I’ve always meant to work on the wheel, but haven’t wanted to commit to the time to learn. But this week, after watching a bunch of YouTube demonstrations (really!), I prepared 6 balls of clay and gave it a go. The first three turned to crap as I expected but these were the next three. The tallest one is about 7 inches tall. Well, it’s a start and I actually really enjoyed it.
After enduring a few too many puns from Craig about how far and where I was throwing the pots, I mused on the origins of the term “throwing” in working on a wheel and came up blank as to why it is called throwing.
Maybe everyone already knows the etymology of the term but I didn’t, so I found an article by Dennis Krueger in Ceramics Today that says it comes from the Old English word thrawan, meaning to twist or turn. The word throw still means twist or turn in the language of pottery today just like it did way back in the Old English times, but the word throw has morphed to mean something completely different in our everyday usage of the word.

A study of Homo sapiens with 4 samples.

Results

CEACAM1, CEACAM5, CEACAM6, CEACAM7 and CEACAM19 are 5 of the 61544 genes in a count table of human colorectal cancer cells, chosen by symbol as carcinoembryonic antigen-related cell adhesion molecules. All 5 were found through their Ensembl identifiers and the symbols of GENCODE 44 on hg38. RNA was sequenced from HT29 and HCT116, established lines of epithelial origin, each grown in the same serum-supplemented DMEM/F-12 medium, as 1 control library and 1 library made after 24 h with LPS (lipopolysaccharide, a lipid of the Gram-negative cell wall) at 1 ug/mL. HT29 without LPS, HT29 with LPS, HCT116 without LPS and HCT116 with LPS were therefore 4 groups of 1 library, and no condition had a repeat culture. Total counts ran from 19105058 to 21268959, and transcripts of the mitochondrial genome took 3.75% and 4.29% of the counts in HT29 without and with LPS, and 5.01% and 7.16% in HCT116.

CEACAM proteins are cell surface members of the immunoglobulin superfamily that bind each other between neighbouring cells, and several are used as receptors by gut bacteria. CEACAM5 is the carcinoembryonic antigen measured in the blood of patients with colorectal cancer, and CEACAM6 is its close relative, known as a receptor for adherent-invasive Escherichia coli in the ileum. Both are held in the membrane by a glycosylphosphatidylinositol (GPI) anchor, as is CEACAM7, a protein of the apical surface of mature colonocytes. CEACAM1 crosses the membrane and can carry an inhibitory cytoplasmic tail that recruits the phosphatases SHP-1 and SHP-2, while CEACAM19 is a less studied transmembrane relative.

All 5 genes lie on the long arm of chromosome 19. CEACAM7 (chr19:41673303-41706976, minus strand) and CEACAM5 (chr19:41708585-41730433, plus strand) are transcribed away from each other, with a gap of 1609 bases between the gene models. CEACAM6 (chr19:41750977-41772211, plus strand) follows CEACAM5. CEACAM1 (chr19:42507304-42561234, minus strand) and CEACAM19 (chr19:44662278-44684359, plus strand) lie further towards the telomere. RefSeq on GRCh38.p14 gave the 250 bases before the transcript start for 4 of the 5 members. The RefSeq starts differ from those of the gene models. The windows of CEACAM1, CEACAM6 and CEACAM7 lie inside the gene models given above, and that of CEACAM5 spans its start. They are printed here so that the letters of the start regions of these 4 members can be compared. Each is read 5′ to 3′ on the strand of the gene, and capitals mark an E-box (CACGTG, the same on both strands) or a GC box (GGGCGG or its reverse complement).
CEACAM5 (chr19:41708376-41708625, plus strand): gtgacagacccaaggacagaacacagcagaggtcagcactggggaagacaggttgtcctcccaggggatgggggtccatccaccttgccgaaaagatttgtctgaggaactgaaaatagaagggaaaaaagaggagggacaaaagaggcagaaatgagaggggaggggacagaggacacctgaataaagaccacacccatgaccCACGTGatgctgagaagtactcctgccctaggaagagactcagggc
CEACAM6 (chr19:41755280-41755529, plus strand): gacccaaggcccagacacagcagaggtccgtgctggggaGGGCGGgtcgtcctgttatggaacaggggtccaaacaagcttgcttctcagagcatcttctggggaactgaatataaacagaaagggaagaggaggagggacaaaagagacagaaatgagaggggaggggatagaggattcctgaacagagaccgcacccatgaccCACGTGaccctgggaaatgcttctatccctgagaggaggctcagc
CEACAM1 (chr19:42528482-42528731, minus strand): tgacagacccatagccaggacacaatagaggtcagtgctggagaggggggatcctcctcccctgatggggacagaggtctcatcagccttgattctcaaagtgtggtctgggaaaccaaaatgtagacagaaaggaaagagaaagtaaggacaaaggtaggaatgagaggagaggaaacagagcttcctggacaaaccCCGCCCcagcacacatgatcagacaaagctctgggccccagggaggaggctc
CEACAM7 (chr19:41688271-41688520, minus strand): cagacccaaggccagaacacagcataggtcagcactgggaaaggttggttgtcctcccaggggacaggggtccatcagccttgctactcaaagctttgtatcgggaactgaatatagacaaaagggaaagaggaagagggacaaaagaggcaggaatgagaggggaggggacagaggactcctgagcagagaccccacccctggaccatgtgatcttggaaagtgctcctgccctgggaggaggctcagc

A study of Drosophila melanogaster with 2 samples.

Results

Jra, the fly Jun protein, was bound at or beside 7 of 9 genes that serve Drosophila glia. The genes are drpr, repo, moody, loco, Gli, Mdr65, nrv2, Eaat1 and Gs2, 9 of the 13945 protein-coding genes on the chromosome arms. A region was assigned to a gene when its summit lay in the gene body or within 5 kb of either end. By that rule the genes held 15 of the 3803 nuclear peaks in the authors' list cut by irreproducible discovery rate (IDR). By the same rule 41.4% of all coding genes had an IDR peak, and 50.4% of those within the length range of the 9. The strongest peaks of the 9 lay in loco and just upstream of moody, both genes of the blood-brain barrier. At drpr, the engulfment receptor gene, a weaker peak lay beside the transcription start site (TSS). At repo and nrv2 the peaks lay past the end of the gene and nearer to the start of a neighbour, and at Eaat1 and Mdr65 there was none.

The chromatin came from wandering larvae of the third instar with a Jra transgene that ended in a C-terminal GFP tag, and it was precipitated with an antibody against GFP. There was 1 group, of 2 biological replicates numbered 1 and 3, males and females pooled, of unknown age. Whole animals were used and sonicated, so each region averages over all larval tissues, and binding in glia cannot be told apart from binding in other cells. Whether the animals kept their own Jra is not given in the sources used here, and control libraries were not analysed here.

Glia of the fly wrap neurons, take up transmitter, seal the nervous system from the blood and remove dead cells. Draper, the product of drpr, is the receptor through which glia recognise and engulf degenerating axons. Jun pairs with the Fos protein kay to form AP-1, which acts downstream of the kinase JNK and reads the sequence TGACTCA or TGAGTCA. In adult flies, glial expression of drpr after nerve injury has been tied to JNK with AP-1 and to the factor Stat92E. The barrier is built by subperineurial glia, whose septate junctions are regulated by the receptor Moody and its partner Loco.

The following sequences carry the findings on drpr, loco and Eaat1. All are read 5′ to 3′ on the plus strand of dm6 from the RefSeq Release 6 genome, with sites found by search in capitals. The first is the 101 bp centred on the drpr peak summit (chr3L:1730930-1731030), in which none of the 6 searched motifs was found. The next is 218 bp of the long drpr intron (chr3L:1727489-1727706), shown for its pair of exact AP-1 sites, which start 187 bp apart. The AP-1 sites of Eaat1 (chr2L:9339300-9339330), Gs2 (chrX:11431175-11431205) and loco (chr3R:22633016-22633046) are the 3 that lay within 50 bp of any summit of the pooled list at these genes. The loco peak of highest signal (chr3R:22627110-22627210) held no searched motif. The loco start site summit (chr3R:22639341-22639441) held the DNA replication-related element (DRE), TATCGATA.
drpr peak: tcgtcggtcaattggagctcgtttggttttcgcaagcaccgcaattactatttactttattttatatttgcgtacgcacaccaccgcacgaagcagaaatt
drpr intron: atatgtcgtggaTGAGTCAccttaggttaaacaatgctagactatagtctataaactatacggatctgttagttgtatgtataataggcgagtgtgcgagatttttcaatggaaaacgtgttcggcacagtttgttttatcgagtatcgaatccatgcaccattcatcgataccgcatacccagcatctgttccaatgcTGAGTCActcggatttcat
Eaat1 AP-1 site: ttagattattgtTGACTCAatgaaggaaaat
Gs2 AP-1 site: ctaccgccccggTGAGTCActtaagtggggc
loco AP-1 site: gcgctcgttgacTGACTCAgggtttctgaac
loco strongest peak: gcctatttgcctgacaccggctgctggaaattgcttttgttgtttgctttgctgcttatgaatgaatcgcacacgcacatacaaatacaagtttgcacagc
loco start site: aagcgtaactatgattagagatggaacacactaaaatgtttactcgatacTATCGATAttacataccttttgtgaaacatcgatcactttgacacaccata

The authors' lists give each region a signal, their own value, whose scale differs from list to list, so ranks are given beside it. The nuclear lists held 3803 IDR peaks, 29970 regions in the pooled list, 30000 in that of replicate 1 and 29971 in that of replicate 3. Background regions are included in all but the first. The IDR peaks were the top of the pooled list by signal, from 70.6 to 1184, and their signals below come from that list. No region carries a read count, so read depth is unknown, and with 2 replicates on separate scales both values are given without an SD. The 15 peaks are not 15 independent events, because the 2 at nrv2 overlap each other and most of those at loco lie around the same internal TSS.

So it’s the potters who are historically correct if a few centuries behind the times because the way of forming pottery has changed so little over those centuries.
Alphadictionary suggests that pieces of clay breaking away from a pot in progress that are hurled away from the spinning wheel could have caused the meaning of “to throw” to change from “twist” to its current meaning of “to hurl”.
Luckily, I didn’t have any hurled pots this week or it might have been an early end to my throwing lessons.